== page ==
Internists Tackle Key Health Reform Issues
American College of Physicians Makes Recommendations on Individual Mandates, Tax Exclusion and Public Plan Option
August 6, 2009
WASHINGTON –Monographs addressing individual mandates, tax exclusion and a public plan option were released today by the American College of Physicians (ACP). The new policy papers are:
- Individual Mandates in Health Insurance Reform
- Reforming the Tax Exclusion for Health Insurance
- A Public Plan Option in a Health Insurance Connector
“These monographs provide an evidence-based analysis of three key issues being considered by Congress as it crafts health reform legislation,” noted ACP President Joseph W. Stubbs, MD, FACP. “They provide our perspectives on how to craft a requirement that all persons obtain health insurance coverage, on the advisability of limiting the tax exclusion for health insurance provided by employers, and how a public plan option might be appropriately structured to ensure choice and access to physician services.”
All three monographs were developed and approved by ACP’s Health and Public Policy Committee before being provided to its Board of Governors and councils for comments. Finally, they were adopted by ACP’s Board of Regents at its July meeting.
The monographs answer such questions as:
- Should individuals be required to have health insurance coverage? If so, under what conditions and linked to other reforms?
- Should the tax exclusion of employer-provided health insurance be capped to provide revenue for health reform and achieve other policy goals? If so, how should such a cap be designed and linked to other reforms?
- Should the public be able to enroll in a “public plan” offered and administered by the federal government in addition to qualified private health insurance plans? If so, how should such a public plan be designed to be consistent with other ACP policies and linked to other reforms?
In the Individual Mandates monograph, ACP says it believes that every American deserves access to quality health care and supports individual mandates in efforts to reform health care in the United States when coverage is made fair, accessible and affordable. While individual mandates are a way to reform the health care system and achieve universal coverage, ACP believes they can only be implemented in a way that will not make such a requirement punitive, especially to low-income Americans.
ACP’s Tax Exclusion monograph notes that the tax exclusion for employer-sponsored insurance has helped millions of American obtain affordable health insurance through their workplace. However, the current system disproportionately benefits upper income people and does not benefit low-income people who do not owe income taxes, the self-employed, and people with individual market insurance.
“A comprehensive health care reform initiative will be expensive and one way to at least partially fund such an effort is to cap the tax exclusion for employer-sponsored health insurance,” ACP’s monograph says. “Savings from the cap could be directed toward insuring those who do not have insurance coverage. Implementing a cam would need to be done in a way that considers the needs of low-income people who have employer-sponsored insurance. And should reflect variations in insurance costs due to firm size, health status, and practice expense.”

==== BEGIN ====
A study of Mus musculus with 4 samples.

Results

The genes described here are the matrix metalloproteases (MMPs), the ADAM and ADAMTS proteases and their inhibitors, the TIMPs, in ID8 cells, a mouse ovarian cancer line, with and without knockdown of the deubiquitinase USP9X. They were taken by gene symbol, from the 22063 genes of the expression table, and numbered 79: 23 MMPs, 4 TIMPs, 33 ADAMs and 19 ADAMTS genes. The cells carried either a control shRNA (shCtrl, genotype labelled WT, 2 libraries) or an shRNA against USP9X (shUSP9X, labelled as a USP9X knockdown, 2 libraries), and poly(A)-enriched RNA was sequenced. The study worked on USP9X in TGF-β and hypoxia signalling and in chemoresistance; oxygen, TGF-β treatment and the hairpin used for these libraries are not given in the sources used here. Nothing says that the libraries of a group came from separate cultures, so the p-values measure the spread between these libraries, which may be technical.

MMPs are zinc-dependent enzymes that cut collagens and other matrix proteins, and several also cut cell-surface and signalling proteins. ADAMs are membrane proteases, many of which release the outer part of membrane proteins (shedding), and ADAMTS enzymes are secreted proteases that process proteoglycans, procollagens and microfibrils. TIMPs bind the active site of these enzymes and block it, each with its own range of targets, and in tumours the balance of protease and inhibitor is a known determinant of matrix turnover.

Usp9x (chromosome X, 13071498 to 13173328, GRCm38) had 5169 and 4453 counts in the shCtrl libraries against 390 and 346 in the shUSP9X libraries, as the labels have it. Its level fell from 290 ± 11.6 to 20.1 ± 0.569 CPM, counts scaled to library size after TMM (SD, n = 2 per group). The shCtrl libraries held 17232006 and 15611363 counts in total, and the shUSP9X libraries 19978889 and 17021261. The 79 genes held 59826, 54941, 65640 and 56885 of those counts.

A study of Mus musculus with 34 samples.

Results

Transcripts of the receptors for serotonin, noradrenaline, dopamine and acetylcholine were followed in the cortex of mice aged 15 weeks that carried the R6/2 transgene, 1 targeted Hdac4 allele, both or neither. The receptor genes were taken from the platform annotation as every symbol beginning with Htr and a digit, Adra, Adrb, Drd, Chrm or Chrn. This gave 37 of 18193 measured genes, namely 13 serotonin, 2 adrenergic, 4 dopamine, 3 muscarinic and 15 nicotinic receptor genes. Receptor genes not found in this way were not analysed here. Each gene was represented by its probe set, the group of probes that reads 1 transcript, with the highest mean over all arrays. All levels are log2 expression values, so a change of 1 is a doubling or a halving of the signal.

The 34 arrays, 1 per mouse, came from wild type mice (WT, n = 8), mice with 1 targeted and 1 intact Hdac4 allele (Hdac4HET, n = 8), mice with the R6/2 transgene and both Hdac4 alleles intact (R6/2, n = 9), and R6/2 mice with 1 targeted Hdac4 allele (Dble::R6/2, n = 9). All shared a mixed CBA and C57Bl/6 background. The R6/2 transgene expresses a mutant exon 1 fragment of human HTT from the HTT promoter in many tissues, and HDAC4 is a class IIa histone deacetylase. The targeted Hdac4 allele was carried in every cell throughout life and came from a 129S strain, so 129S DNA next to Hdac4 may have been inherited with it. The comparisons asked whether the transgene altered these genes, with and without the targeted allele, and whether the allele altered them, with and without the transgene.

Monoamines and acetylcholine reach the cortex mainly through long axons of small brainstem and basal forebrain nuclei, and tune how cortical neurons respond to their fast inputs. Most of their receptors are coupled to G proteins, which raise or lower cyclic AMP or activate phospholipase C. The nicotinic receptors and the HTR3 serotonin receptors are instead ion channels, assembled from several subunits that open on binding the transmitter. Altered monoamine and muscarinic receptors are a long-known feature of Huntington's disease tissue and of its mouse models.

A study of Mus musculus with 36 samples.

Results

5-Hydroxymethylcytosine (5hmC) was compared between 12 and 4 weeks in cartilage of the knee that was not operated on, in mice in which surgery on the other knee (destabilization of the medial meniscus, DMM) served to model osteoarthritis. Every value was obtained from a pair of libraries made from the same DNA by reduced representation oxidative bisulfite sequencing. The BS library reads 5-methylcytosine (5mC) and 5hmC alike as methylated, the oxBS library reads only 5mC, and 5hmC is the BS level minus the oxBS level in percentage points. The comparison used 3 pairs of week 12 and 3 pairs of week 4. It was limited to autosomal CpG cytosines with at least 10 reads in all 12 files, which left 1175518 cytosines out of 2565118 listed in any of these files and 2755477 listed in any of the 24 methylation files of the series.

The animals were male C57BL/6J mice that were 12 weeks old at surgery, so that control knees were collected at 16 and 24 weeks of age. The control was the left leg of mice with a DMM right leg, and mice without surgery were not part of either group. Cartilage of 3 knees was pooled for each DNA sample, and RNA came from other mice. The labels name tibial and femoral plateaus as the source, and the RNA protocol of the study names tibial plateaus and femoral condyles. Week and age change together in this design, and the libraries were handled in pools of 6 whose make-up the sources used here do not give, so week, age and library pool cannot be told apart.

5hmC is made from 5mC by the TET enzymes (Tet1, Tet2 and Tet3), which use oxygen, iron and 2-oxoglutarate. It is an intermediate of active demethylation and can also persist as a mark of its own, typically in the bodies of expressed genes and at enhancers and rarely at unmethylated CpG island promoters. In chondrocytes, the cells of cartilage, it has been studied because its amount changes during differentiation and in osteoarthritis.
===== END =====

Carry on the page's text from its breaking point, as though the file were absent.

ACP believes that a cap should be coupled with reforms to ensure that a core set of benefits is available.
The Public Plan Option monograph approved by ACP considers the pros and cons of the public plan option competing with private insurance products in a health insurance connector or exchange. ACP conditionally supports the establishment of a public plan option as part of a comprehensive health care reform proposal.
“A public plan option that competes on a level playing field with private insurers could help facilitate delivery system change, reduce costs, and ensure stability in the market,” ACP says in its monograph. Establishing fair regulations that apply the same standards to both public and private insurance plans for minimum benefit packages, premium rating, and plan accessibility should help avoid unintended adverse consequences.
However, ACP also says that separate, independent entities should be established for objective governance of the health care connector and the public plan option. For a public plan and the health insurance connector to operate effectively and fairly, the health care delivery system must be reformed to strengthen primary care and a new provider payment model should incentivize care coordination, reward positive health outcomes, and promote use of best practices and effective drugs and devices. Physician and patient participation in a public or qualified private health plan offered through a connector should be completely voluntary. Further, ACP believes that safeguards would need to be established to ensure that the payment rates under a public plan are competitive with those offered by private health insurers in the same market.
Together, the ACP policy papers help support the College’s efforts for coverage, support for the primary care workforce, payment and delivery system reform, based on long-standing policies that have been adopted by the organization.
The American College of Physicians (www.acponline.org) is the largest medical specialty organization and the second-largest physician group in the United States. ACP members include 129,000 internal medicine physicians (internists), related subspecialists, and medical students. Internists specialize in the prevention, detection, and treatment of illness in adults. Follow ACP on Twitter (www.twitter.com/acpinternists) and Facebook (www.facebook.com/acpinternists).